Today was smooth - transitioning from breakfast at YM, with help from students to move everything over to Couple’s Field in Waitsfield. We started with listing out goals & 2 truths and a lie as a way to break the ice and get to know each other a little more.
- Graham - goal to initiate his own builds
- Jess - to become more comfortable with woodworking & carving
- Callie (she/her they/them) - To feel more comfortable on a jobsite
- Robbie (he/him) - To see a project from start to finish
- Aidan (he/him) - Wants to build his own house someday, to learn building blocks for learning fundamentals of steps in the process
- Tryg - To be more comfortable building a structure vs. smaller projects; ha a goal of building a tiny house someday
- Ella (she/her) - to gain hands on experience with building, as traditional educational environments do not offer it
- Annalisa - Wants to build a tree house in the future, learning building fundamentals
- Heather (she/her) - Wants to eventually finish some building projects with her dad & live off grid - feel competent in building
- Morgan (she/her) - Wants to gain experience in building and feel capable around construction
- Norberto (he/him) - Would love to make new connections and memories
- Quinn - Wants to see a project completed from start to finish
Students went and explored the field with their sketchbooks - at first there was some hesitation around such a vague assignment, but folks seemed to become more comfortable. After lunch we dove into our first project, analyzing a food item and seeing it as a “container” - learning plan, elevations, and sections through a fruit. There was definitely some confusion and frustration, but it was incredible to see how quickly everyone caught on and was open to asking questions. Looking forward to seeing how the projects turn out!
Tuesday: Tour of Prickly Mountain
Today we toured 3 homes on Prickly Mountain designed by Dave Sellers - The Archie Bunker, The Home Run House, & The Buzz Hut (under construction), as well as the Waitsfield Ten, a house now owned by Mac Rood, & previously designed by a series of Yestermorrow classes over the course of many years. The three Sellers homes were experiments with concrete, the first two with sliding walls full of windows. The Archie Bunker had a pool attached to the back, open to the living room via the sliding wall of windows. In my opinion, the pool wouldn’t have been as alluring without the large concrete columns, bringing the user to feel like they’re experiencing a concrete version of large, marble, Greek pillars or something of the sort. Seeing the student’s faces and hearing their expressions of amazement and bewilderment was my favorite part of the tour. You could see their minds being opened to the possibilities of building and design, everyone thinking of how they could incorporate some funky aspects into their future designs. I’m curious to speak to more folks who were a part of the original design/build movement in Vermont, to see how they have grown with or without these buildings. Do they feel as accessible as age and time moves forward? Do they still find them fascinating and a part of themselves? Or were many of these homes an experiment that thrived for its time?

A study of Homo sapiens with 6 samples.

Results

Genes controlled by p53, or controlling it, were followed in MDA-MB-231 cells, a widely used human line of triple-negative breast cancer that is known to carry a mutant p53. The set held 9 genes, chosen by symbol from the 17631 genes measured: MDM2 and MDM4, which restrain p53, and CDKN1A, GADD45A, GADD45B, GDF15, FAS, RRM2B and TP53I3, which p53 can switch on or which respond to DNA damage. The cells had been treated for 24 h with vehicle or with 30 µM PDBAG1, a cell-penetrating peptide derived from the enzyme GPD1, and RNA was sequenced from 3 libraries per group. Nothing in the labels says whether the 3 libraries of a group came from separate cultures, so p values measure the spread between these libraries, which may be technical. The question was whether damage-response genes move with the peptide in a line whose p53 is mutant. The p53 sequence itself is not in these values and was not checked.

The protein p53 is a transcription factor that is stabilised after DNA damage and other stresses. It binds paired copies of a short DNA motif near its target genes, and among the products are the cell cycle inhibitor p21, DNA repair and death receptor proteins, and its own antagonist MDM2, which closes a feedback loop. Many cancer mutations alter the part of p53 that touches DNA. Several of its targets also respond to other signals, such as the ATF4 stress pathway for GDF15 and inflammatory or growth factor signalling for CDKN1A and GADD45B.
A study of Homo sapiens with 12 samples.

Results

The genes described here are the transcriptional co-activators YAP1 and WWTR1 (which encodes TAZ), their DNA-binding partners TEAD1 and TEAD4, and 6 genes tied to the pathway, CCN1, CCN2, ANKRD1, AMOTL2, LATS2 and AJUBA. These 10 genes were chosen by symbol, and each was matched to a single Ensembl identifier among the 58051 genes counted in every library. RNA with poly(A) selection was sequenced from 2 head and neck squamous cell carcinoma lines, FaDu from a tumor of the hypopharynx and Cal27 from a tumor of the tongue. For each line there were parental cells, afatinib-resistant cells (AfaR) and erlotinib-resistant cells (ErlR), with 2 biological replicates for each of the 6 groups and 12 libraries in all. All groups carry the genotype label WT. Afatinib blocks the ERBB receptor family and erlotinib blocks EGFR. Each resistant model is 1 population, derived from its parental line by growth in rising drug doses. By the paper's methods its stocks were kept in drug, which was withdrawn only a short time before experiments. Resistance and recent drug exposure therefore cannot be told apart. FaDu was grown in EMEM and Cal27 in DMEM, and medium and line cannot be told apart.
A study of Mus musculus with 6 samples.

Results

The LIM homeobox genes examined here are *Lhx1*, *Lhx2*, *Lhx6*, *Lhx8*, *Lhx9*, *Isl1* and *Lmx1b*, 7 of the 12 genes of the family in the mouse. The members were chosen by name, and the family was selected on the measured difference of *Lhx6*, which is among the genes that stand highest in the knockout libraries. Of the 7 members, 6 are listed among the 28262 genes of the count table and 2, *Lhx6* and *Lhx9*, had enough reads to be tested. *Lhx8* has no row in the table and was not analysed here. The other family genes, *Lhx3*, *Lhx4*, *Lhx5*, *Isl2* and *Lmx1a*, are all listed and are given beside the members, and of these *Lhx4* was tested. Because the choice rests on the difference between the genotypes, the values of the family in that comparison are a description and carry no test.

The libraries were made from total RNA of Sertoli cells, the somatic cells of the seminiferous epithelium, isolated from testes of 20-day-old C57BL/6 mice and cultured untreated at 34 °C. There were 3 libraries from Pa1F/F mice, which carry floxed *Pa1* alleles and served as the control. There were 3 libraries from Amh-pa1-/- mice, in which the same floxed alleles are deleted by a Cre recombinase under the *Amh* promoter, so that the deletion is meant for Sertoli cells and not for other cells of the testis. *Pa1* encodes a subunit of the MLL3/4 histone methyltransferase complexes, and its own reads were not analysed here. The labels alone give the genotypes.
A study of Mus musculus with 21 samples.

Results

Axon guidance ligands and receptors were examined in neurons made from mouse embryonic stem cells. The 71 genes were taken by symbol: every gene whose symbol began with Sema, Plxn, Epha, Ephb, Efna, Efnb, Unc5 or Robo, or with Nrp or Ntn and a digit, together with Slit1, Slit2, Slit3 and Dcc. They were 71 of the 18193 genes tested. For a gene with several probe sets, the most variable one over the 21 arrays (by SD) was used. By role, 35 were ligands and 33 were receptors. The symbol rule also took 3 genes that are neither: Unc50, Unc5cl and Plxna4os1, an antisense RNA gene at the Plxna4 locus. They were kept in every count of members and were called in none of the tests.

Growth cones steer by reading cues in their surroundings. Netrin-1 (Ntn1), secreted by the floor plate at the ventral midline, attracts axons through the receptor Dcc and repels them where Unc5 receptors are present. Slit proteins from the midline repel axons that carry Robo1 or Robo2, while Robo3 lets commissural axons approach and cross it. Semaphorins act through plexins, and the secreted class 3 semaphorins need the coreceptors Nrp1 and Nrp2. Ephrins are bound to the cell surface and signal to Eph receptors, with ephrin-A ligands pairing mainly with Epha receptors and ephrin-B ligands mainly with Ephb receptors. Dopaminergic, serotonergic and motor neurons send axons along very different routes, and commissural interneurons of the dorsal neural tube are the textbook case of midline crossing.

Three words of wisdom from Mac to remember: firmness, commodity, delight!
Presentations of the “container” & two words to go along with the experience of building the container.
- Annalisa - Broccoli: tree house
- Quinn - Pineapple: lattice, gradient of order, weave
- Norberto - Shallot: creasing, over-complicated
- Ella - Dragon Fruit
- Morgan - Ginger: leading lines, outward growth
- Graham - Banana Flower: complete, mathematical
- Robbie - Leek: … mostly in order
- Tryg - Pan Squash: compartmentalized fanning, asymmetrical
- Callie - Corn
- Jess - Garlic: asymmetry, tripod, multifaceted
- Aidan - Artichoke: analysis/reduction, release/replication, simplify/metamorphosis
- Heather - Bell Pepper: symmetry
Also, we started our chicken coop design! Here we started as a group, defining the aspects of a chicken coop that we’re designing for our clients - the 6 chickens and Jen, our human client. What is a roost vs. a nesting area vs. a run? Once we established definitions groups of two came up with designs, followed by groups of 4, and then 6. This was the first time where students started to truly work together as a team, finding out how to be a part of a group of people who could come up with designs & accept feedback from their peers and instructors. The images here show successions of drawings until we landed at our final 2. The goal of this project is to begin working together, to understand design charrettes and group decision making, and to learn the basics of using tools and construction.
Friday morning we had the chance to each present a house that we loved, or possibly found as a house with ways to learn from. This assignment, the “Precedent Analysis”, gave everyone the opportunity to analyze a house - from it’s site, composition, historical background, and general feeling. After the presentations we delved back into the final 2 chicken coop designs, which we will begin next week. It was fun to see that both groups came up with very similar designs based off of our charrette rounds. The major difference between the two were the roof designs, one with two shed roofs, the other with a more continuous roof line. We had to end early in order to meet with our clients for our Semester Project, Phoebe and Scott. Here, the class had the opportunity to introduce themselves and ask any outstanding questions about the project. Our project for the program will be to design and build a studio apartment and a workshop for the clients, who are also building their primary residence on the property, but with a different building group - “Vermod”.